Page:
In November 2013 we posted “Old Mission Kopper Kraft.” At the time we were unaware of Fred Brosi as the craftsman responsible for those bookends. The 2013 publication, Bay Area Copper, 1900/1950, Dirk van Erp & His Influence, alerted us to Brosi’s time as a metalsmith in California. His career spanned from Quincy, IL, where he obtained at least 3 patents related to metal working, to working in a shipyard in San Francisco Bay, to establishing a series of decorative metalworks craft shops in San Francisco. Those Bay Area businesses included Ye Olde Copper Shop, Ye Olde Copper Shoppe and Old Mission Kopper Kraft. Following the folding of the Old Mission Kopper Kraft company (1922-1925), Brosi continued to make beautifully crafted metal decorative objects in his basement. The 2 pairs of Bookends seen in this post are from this later period of Brosi’s work, 1927 -1933.
Brosi is admired for his meticulous handwork on his metal pieces, and this pair of copper bookends, called Nouveau Flower is a fitting illustration of his expertise. The face is hammered and linear designs are chased into the margins and the edges. Parts of the edges are curled. A enameled flower with raised edges and with petals painted red, yellow and green is attached to the face. The overall artistic design was Brosi’s and the flower petals were painted by Brosi’s wife, the former Selma Sidlowski.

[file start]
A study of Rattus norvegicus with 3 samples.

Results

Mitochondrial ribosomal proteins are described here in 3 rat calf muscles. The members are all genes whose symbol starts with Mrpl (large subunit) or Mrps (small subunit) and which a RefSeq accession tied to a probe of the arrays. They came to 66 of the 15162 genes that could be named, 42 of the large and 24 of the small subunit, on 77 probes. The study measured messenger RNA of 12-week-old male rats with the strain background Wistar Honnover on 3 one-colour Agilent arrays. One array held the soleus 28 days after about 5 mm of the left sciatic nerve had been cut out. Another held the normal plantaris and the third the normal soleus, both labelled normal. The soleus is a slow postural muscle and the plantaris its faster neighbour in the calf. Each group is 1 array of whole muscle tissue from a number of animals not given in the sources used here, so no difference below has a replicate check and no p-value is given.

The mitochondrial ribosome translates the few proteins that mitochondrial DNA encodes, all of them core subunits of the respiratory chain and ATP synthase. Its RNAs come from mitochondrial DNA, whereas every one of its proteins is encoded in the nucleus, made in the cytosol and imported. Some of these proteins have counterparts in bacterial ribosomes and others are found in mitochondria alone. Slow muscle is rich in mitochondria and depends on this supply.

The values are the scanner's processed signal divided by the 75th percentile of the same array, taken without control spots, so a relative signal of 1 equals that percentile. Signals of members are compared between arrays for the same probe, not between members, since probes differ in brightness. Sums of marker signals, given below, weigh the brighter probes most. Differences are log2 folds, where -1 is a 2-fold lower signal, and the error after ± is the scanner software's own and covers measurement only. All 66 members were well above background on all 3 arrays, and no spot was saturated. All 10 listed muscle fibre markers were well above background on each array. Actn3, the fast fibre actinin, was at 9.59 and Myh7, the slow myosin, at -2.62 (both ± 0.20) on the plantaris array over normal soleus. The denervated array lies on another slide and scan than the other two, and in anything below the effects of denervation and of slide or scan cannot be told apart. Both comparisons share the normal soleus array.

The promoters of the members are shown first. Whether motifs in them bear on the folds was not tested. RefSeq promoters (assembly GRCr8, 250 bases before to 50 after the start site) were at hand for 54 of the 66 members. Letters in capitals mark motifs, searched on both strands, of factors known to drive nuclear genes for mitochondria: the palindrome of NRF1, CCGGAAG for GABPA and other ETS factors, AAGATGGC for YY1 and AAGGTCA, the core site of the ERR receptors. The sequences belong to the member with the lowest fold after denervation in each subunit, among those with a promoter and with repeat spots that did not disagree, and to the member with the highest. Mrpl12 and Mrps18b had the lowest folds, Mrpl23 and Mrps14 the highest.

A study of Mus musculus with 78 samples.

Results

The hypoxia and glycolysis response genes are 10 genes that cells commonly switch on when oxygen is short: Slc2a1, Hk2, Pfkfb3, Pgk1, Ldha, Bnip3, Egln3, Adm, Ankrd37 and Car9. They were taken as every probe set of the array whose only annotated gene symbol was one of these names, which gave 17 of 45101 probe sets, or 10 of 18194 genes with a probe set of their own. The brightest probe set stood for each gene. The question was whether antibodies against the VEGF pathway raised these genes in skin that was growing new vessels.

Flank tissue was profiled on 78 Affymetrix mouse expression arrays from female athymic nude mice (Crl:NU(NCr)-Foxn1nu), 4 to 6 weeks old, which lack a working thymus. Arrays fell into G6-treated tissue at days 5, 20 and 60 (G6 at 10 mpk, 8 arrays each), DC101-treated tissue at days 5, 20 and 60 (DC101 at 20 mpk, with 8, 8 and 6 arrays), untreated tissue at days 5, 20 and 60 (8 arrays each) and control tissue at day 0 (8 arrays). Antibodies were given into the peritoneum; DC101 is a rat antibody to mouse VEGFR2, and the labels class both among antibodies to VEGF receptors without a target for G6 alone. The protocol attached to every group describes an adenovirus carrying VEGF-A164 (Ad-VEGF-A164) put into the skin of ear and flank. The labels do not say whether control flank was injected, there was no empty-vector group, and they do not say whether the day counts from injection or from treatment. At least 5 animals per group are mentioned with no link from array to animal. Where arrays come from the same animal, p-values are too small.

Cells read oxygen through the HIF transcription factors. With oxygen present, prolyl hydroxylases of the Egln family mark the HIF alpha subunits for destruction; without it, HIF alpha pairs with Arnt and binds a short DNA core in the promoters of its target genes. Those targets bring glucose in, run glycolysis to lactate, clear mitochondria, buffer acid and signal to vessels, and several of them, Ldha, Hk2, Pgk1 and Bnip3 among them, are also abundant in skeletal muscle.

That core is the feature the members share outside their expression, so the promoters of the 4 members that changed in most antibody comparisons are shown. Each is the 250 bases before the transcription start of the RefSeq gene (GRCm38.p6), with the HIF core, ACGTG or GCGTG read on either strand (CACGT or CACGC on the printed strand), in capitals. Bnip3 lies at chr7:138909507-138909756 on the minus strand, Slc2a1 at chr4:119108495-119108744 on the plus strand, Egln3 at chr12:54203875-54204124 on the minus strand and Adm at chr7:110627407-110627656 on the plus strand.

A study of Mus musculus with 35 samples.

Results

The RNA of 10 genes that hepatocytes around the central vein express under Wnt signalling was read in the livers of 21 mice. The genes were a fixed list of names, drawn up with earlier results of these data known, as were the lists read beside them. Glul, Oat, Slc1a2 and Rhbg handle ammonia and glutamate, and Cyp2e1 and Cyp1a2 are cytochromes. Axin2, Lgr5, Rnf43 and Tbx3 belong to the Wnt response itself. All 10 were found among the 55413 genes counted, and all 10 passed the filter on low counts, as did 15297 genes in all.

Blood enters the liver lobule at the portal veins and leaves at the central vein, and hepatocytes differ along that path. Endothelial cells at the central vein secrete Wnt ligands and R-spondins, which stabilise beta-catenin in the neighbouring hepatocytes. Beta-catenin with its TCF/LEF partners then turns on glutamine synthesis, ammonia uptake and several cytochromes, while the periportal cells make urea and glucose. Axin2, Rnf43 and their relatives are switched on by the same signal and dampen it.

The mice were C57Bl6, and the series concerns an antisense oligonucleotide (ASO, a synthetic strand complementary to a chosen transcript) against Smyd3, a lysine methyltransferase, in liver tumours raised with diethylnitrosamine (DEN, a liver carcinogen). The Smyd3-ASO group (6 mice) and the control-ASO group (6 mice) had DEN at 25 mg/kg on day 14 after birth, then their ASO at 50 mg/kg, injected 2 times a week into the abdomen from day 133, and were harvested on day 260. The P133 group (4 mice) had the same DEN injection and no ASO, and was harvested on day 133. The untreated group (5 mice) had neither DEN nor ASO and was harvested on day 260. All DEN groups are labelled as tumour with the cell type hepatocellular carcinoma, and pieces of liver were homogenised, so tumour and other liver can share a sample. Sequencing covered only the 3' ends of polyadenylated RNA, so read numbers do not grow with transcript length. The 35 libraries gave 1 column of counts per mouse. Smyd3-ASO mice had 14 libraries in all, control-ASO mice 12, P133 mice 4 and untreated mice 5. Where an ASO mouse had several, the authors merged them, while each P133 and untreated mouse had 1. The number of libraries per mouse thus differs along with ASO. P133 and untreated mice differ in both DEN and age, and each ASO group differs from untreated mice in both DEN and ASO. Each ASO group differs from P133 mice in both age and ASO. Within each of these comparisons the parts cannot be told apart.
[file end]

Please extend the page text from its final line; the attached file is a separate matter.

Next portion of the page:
The smaller Owl on Branch copper bookends were produced by Brosi in his basement about the same time as the enameled flower ones, and they bear the same Arm and Hammer and MADE BY HAND mark. They show similar curling at parts of the edges, similar hammering, and similar linear designs. The ornamental metal owl on a branch is attached to the face of the bookend.
Other related posts are: San Francisco Bay Area Metalworkers Colony, Jan. 7, 2014 and Ye Olde Copper Shoppe Bookends, Jan 13, 2014.